I still work on a lot of Compaq Proliant 1600s. In their day, they were a very versatile server, packing lots of drive bays and open expansion slots into a 5U package. They were also very reliable.
Now that they are five years old or even older, they are less so. But I’ve collected some good suggestions from Compaq and HP technicians about working on them.The biggest problem with the 1600 is that so many parts are socketed. Over time, socketed components tend to work themselves loose. So, when a 1600 crashes a lot but will pass its built-in diagnostics with flying colors, the best thing to do is to completely disassemble it and put it back together.
If it seems to be having memory problems, don’t just reseat the processor board and/or replace the memory. I had one 1600 exhibit memory failures that would not go away until I replaced the PCI board, of all things. Why? Beats me. The HP technician was as stumped as I was. So reseat that board too.
It never hurts to clean the connectors when you have the system apart. Get some zero-residue contact cleaner from a hardware or auto parts store. Be sure it’s zero-residue. A lot of contact cleaners contain oil, which isn’t going to help intermittent electrical connections at all. If in doubt, skip the contact cleaner entirely and clean the contacts with a cotton swab and rubbing alcohol instead. Need I also mention you need to stay grounded at all times while doing these procedures?
When replacing the PCI and CPU modules, you have to use a lot of force. Don’t rely on the plastic releases on the back to put them in. Whenever I’ve seen a veteran Compaq technician reinstall one of these modules, he’s slammed the module into the back computer with so much force that it moved the system. If you don’t think you’re going to break it, you probably aren’t doing it hard enough.
Newer Proliant servers have many fewer socketed components, so their long-term reliability prospects are higher. They also usually have LEDs that indicate failed components, making diagnostics virtually irrelevant and system repair much more straightforward. But when replacement isn’t an option just yet, it’s nice to know there are things to do to return a 1600 to life.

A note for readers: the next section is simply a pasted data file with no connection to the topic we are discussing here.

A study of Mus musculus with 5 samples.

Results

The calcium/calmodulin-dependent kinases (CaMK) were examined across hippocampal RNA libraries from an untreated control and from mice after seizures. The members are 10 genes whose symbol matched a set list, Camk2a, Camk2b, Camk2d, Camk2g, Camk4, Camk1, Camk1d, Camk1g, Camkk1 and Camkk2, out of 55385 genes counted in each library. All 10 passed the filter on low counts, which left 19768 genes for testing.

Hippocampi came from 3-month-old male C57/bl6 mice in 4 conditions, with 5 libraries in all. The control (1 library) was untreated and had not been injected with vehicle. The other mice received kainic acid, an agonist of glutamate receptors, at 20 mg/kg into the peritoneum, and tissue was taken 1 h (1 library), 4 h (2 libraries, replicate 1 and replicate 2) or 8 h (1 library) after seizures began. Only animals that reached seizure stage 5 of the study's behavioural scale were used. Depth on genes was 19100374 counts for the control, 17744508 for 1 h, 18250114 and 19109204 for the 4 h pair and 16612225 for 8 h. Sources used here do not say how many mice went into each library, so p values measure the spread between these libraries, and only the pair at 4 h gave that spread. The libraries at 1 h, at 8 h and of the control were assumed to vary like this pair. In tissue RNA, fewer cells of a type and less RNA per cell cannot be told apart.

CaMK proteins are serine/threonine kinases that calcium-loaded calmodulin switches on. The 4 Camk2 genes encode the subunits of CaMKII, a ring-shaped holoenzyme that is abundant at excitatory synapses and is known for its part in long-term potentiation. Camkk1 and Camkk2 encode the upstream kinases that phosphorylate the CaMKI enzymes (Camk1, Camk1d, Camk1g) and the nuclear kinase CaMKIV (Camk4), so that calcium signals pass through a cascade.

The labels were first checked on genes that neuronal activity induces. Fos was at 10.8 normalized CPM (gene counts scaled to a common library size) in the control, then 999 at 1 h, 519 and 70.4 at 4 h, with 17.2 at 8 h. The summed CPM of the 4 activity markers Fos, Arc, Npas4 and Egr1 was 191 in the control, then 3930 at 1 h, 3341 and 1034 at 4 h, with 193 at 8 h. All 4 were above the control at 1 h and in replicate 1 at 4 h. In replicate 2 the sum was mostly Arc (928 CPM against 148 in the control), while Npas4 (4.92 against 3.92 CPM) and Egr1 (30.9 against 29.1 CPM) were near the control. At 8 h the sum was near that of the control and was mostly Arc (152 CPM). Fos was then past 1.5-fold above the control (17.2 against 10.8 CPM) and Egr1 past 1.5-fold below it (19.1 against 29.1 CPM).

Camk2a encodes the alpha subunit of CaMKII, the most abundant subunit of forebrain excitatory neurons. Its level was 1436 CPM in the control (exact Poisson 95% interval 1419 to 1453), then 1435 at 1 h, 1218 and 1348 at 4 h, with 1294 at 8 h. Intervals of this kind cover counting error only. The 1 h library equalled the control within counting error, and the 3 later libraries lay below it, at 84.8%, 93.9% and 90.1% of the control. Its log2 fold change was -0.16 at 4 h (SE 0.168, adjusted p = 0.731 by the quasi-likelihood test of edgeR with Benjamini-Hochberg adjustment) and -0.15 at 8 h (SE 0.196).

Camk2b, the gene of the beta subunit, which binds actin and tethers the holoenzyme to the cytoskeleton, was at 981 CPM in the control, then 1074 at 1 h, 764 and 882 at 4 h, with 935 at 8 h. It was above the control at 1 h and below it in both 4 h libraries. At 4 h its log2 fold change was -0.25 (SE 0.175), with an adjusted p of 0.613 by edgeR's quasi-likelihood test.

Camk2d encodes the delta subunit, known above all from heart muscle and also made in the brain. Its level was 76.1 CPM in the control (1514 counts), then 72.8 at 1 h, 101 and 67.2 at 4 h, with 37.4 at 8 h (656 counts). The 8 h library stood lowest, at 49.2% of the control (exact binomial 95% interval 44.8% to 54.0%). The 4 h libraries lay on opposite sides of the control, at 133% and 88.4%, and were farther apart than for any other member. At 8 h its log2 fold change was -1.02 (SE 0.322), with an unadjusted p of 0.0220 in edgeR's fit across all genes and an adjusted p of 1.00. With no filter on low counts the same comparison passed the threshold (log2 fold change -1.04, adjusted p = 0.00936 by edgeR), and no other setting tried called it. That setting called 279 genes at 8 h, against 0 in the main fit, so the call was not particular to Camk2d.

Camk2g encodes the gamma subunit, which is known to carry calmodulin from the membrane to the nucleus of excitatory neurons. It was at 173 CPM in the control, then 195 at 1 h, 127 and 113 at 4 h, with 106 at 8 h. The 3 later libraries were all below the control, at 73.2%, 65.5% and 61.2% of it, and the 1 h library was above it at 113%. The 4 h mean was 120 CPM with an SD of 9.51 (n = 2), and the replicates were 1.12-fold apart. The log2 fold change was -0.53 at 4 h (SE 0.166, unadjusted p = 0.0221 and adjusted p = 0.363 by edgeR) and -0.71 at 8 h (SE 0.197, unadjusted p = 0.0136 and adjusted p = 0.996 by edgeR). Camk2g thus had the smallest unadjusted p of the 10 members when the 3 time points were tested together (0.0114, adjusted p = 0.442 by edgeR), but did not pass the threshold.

David Farquhar is a computer security professional, entrepreneur, and author. He started his career as a part-time computer technician in 1994, worked his way up to system administrator by 1997, and has specialized in vulnerability management since 2013. He invests in real estate on the side and his hobbies include O gauge trains, baseball cards, and retro computers and video games. A University of Missouri graduate, he holds CISSP and Security+ certifications. He lives in St. Louis with his family.
One thought on “Troubleshooting a Compaq Proliant 1600”
Way back in the 1970’s, my step-dad and his partner repaired televisions and radios. Automobile radios often failed due to vibration problems. When they finished repairing and reassembling them, and the radio had played successfully for a day or two, it was time for the final inspection. While playing, they dropped it from a height of about two or three inches onto the workbench. This was known as the "super road test" and was amazingly effective in confirming a repair. Sometimes a rubber mallet is a high-tech instrument, huh?